On the eleventh of November 1918, France fell silent as men all over Europe put down rifles and stepped out of trenches – the world began to slowly awake from a five-year nightmare: millions were dead, hundreds of thousands injured and the world map changed forever. One hundred years on, the symbol most synonymous with the chaos of the First World War is not the stone crosses that sit on village greens across the country, but a small red flower.
Every year, around the start of November, the poppy begins to appear on the coats and jackets of almost everyone you walk past on the street. These little paper flowers are one of the key markers of the year and have become an integral part of how we remember those who have died in conflict. But why has this symbol become so prevalent?
The history of our current relationship with the poppy begins on the 3rd of May 1915, during the second battle of Ypres. John McCrae was an officer in the Canadian expeditionary force, and he had just presided over the funeral of a close friend. As he sat on the back of an ambulance he began writing the poem that would become “In Flanders Fields”: one of the best-known pieces in the cannon of wartime poetry. It is this poem that starts the story of the poppy as we know it today.
Much poetry from this time in the war makes reference to the poppy. The small red flower was a welcome burst of colour amongst grey upturned earth and a reminder that a world beyond no man’s land existed. The summer of 1915 saw an explosion of the flowers across the newly fertilized battlefields of France. The irony that all this new life came from their fallen comrades was not lost on the soldiers. To them, the millions of flowers that sprouted that summer were a symbol of hope at a time when attitudes in the trenches were changing. The chivalric dreams of unready teenagers were giving way to the realities of war and it’s horrors. The melancholy poems that poured out of the front at the time track this seachange in attitudes.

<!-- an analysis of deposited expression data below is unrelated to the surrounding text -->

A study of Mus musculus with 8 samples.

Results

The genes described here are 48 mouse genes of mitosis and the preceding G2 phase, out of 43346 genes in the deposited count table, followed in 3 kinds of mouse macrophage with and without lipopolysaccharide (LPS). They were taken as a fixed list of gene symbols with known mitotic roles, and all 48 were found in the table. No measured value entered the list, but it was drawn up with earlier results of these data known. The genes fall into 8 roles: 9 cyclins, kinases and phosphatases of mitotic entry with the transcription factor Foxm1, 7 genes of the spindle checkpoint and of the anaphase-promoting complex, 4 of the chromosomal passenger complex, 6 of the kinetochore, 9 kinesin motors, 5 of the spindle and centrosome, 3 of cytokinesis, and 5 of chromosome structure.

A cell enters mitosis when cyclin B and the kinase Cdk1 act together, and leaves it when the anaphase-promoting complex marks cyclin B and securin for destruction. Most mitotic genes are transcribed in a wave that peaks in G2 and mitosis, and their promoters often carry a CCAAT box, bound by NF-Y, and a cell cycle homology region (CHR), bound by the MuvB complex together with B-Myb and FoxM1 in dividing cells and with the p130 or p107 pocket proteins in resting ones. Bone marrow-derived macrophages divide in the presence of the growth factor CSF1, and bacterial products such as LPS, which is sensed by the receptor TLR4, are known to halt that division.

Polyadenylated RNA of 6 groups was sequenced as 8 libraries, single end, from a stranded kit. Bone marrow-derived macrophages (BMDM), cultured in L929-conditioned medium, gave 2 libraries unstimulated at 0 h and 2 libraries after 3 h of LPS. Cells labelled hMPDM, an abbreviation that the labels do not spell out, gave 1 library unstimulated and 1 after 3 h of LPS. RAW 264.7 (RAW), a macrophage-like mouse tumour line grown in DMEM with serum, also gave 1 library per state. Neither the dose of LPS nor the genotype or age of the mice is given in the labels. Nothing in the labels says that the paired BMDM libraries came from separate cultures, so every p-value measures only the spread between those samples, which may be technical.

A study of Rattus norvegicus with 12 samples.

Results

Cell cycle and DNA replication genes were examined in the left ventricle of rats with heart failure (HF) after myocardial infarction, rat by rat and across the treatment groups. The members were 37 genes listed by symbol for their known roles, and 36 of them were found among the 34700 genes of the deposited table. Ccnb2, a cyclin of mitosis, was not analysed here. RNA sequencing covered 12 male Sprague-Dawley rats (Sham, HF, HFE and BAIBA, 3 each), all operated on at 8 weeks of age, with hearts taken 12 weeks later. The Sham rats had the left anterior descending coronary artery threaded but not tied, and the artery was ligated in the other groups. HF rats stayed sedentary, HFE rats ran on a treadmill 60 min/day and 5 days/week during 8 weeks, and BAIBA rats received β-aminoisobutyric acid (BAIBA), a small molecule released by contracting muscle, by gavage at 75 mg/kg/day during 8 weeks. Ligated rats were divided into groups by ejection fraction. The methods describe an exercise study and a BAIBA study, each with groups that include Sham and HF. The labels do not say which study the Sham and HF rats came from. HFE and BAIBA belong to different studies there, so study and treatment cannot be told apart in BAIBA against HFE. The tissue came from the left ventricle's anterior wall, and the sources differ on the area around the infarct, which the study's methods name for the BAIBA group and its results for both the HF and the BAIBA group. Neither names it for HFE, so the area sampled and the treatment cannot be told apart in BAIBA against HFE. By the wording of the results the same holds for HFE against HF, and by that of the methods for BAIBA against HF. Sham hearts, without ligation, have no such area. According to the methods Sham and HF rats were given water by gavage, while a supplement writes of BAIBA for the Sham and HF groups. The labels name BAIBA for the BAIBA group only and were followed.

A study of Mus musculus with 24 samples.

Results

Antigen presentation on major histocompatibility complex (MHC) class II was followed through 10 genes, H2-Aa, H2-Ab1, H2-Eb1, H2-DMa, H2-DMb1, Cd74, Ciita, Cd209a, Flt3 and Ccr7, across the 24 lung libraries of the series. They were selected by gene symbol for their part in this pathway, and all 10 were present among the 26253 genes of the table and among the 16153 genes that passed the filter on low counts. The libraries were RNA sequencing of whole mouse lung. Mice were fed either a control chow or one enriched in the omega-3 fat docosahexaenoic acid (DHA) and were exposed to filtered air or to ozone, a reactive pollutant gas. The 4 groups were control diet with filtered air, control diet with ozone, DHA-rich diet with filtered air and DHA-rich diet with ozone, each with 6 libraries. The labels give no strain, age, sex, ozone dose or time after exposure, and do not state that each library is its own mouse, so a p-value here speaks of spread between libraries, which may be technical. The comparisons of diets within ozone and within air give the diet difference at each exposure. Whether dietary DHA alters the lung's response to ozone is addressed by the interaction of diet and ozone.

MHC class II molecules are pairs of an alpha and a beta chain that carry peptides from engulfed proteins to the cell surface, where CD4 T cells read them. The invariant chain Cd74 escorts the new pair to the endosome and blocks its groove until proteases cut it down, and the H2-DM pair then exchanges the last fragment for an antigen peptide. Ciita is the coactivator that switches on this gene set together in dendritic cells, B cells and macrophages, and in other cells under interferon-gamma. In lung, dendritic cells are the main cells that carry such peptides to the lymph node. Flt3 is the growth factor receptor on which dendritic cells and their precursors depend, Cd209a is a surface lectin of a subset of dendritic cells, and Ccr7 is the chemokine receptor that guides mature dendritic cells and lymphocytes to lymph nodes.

McCrae’s poem was published in Canada a few months later and it quickly took hold in the Canadian psyche as a symbol of remembrance. The poppy was such an important aspect of National mourning at the time that in 1918 – three days before the end of the war – Professor Moina Michael vowed to wear a poppy as a private symbol of remembrance, and did so for many years.
After the war, Moina became a teacher to disabled veterans and soon found that many of them were struggling financially as they were unable to work. In an effort to help, Moina began selling silk poppies to raise funds and the practice was soon adopted by the British Legion Appeal Fund (later The Royal British Legion). 1921 saw the first poppy appeal in the UK, and since then it has been held every year; raising money to help veterans and those affected by war. 2018 marks the centenary of the armistice and the poppy is still one of the most recognisable signs of remembrance for many around the world.
Gary worked in the Primrose product loading team, writing product descriptions and other copy. With seven years as a professional chef under his belt, he can usually be found experimenting in the kitchen or sat reading a book.